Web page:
As we near year-end many leaders are thinking about how to recognize their employees. While special gestures are always a good idea, leaders would do well to think about how much they recognize contributions every day.
To “have a good boss” means different things to every one. One person wants to be left alone and given more autonomy. Another wants to be involved in higher-level meetings and decisions – to be mentored and learn from their boss. Someone else wants a consistent and reliable boss, one that they can predict and not get anxious trying to second-guess. Another person likes a boss who is energetic and creative and engaged – who is always available for spur-of-the-moment conversations about work or about today’s news.
How can you please everyone, without being inauthentic and frantically shape-shifting?
Most good performers agree that they want to be seen at work. They would like someone else to notice how meaningful and unique their contribution is – even if they have the same job description as 100s of others. They want to be valued. Whether they are the newest person and still in learning mode, or especially if they have been around a long time, people show up for work willingly when it is clear to them that it matters.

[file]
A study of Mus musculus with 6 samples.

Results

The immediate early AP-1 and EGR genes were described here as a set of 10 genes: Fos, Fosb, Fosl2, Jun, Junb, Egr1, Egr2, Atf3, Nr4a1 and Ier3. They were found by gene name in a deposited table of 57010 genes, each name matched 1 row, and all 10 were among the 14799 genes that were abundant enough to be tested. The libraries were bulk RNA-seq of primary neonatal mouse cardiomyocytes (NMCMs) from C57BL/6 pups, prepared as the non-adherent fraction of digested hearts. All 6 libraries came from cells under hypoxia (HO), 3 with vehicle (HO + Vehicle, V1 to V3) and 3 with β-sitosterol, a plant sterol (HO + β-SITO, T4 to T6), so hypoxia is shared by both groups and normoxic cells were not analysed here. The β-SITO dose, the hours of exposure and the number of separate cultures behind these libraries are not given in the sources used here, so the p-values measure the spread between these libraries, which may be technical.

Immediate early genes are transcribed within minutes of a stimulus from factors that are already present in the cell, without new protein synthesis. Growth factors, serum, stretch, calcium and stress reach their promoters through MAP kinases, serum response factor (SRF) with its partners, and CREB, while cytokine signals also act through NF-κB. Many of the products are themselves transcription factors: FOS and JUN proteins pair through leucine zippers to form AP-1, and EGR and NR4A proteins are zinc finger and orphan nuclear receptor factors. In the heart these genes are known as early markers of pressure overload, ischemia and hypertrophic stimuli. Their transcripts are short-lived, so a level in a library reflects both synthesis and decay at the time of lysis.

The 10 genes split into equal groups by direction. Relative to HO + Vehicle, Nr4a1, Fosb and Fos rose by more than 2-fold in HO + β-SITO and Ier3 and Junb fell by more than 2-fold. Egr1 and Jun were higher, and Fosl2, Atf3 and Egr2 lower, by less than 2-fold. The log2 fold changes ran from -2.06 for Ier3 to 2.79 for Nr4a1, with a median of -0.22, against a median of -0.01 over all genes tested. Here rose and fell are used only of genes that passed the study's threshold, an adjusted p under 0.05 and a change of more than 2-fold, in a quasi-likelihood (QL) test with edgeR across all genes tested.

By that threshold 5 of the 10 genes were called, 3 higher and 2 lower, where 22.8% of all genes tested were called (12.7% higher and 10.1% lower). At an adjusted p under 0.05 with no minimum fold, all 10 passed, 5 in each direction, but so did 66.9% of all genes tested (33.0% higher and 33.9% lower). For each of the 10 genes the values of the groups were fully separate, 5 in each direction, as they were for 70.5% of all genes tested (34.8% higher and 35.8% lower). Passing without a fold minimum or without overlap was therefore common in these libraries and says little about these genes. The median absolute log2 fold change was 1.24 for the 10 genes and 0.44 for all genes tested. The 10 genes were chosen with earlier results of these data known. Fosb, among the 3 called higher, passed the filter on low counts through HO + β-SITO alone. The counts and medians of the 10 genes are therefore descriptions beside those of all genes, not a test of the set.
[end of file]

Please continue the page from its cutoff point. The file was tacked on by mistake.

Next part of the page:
Going into 2017, think about ways that you can recognize employees all year round. Here are some suggestions that cover diverse needs:
- Make time to look at people when you greet them. If you are looking at output, also look at the person behind the work. If its virtual, use the person’s name in your message and include a sentence or two that tells them you “see” them in their work.
- In person, spontaneously engage people in conversation about their work. Be curious and show an interest. Especially do this without being critical or when you don’t have a specific need to check on things. Don’t let distance and travel distract you from keeping in touch.
- Share information that might be of interest to others. This is easier to do if you are paying attention to who does what. Forward articles and essays. Share opinion pieces and then follow up with a chat to compare impressions. If you are a leader, sharing a little bit about yourself can make it easier for others to relax around you.
- Ask for their opinion. Nothing says respect clearer than to ask someone what they suggest. Don’t ask for input if you’re committed to your own way. But try asking for input on even the smallest thing – like how to word an email or what to have for lunch.
- Keep asking people what they are interested in learning and doing. Let people try something new. Even if you are disappointed in the result, stay optimistic about the process. Learning comes from trial and error, and letting people fail gracefully will build loyalty and commitment.